Shadowline Drift

Shadowline Drift
Deep in the Amazon, reality and illusion collide. A mysterious group of indigenous people who may or may not exist; a dangerous teenage sorceress; a beautiful anthropologist – and madness – conspire to stop Jake Kendricks from telling the world the truth about a mysterious substances that may hold the answer to ending world hunger.

 

‘Shadowline Drift’ by Alexes Razevich is an unusual story with compelling metaphysics and rich, beautifully written descriptions.

It’s the story of Jake, a man only three and a half feet tall, who has been sent to the Amazon to negotiate with the chief of a lost tribe for access to a mineral that could end world hunger—or so he thinks. What he finds is a world vastly different to the one he knows and a chief who is much more than he seems at first glance. The chief seems at first a trickster, then a magician, then perhaps a demon and finally an accidental traveller between universes. Jake comes to wonder what is real and what isn’t and questions his sanity many times before the story concludes.

After gaining access to the mineral, he discovers that it isn’t the God-send he thought it would be. Although not poisonous to animals, it is to humans. All those starving people will die unless Jake can warn those planning to distribute meat from animals fed on the stuff. Trouble is, everything seems to be conspiring against his bid to escape the forest and find a working telephone.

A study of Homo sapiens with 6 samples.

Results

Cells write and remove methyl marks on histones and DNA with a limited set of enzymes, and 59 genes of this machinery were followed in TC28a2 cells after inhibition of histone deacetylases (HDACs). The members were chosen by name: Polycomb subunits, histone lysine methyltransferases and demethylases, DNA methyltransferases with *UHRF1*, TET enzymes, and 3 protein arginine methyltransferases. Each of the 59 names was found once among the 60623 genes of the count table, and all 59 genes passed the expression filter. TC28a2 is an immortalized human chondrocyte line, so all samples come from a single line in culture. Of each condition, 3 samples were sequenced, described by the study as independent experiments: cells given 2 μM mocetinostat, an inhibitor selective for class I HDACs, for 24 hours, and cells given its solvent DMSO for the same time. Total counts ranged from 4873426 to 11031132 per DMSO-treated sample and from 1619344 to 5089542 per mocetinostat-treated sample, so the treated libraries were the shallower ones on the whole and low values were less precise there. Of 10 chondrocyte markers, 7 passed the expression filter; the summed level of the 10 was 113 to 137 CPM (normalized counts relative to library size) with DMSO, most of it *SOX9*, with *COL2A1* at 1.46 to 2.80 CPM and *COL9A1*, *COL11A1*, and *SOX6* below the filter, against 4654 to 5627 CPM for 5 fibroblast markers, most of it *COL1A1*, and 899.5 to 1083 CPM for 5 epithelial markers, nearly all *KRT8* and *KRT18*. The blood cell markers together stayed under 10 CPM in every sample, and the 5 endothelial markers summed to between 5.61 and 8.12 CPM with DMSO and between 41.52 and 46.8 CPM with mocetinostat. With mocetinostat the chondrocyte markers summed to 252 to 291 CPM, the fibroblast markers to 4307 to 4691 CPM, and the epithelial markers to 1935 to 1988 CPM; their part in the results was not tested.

Razevich has done a fine job in creating a believable character and a world so clearly described that I can feel, hear and smell it as well as see it in my mind’s eye. Apart from the small size of the protagonist, the book starts off fairly ordinary, and I was not very taken with it in the first few pages. Once the chief takes Jake on a journey, however, the unique aspects of this book begin to appear and from that point on, Razevich gradually ramps up the tension until the climax where Jake struggles with the Shadowline—you have to read it to find out what that is.

I did wonder what about the Chief’s village. How did they get there? And what is their future without their chief? Perhaps they were an illusion? I would like to have had that tied up.

The book isn’t very long, perhaps a two-nighter, and it’s well worth a read, especially for those interested in metaphysics. I would like to read more from this author.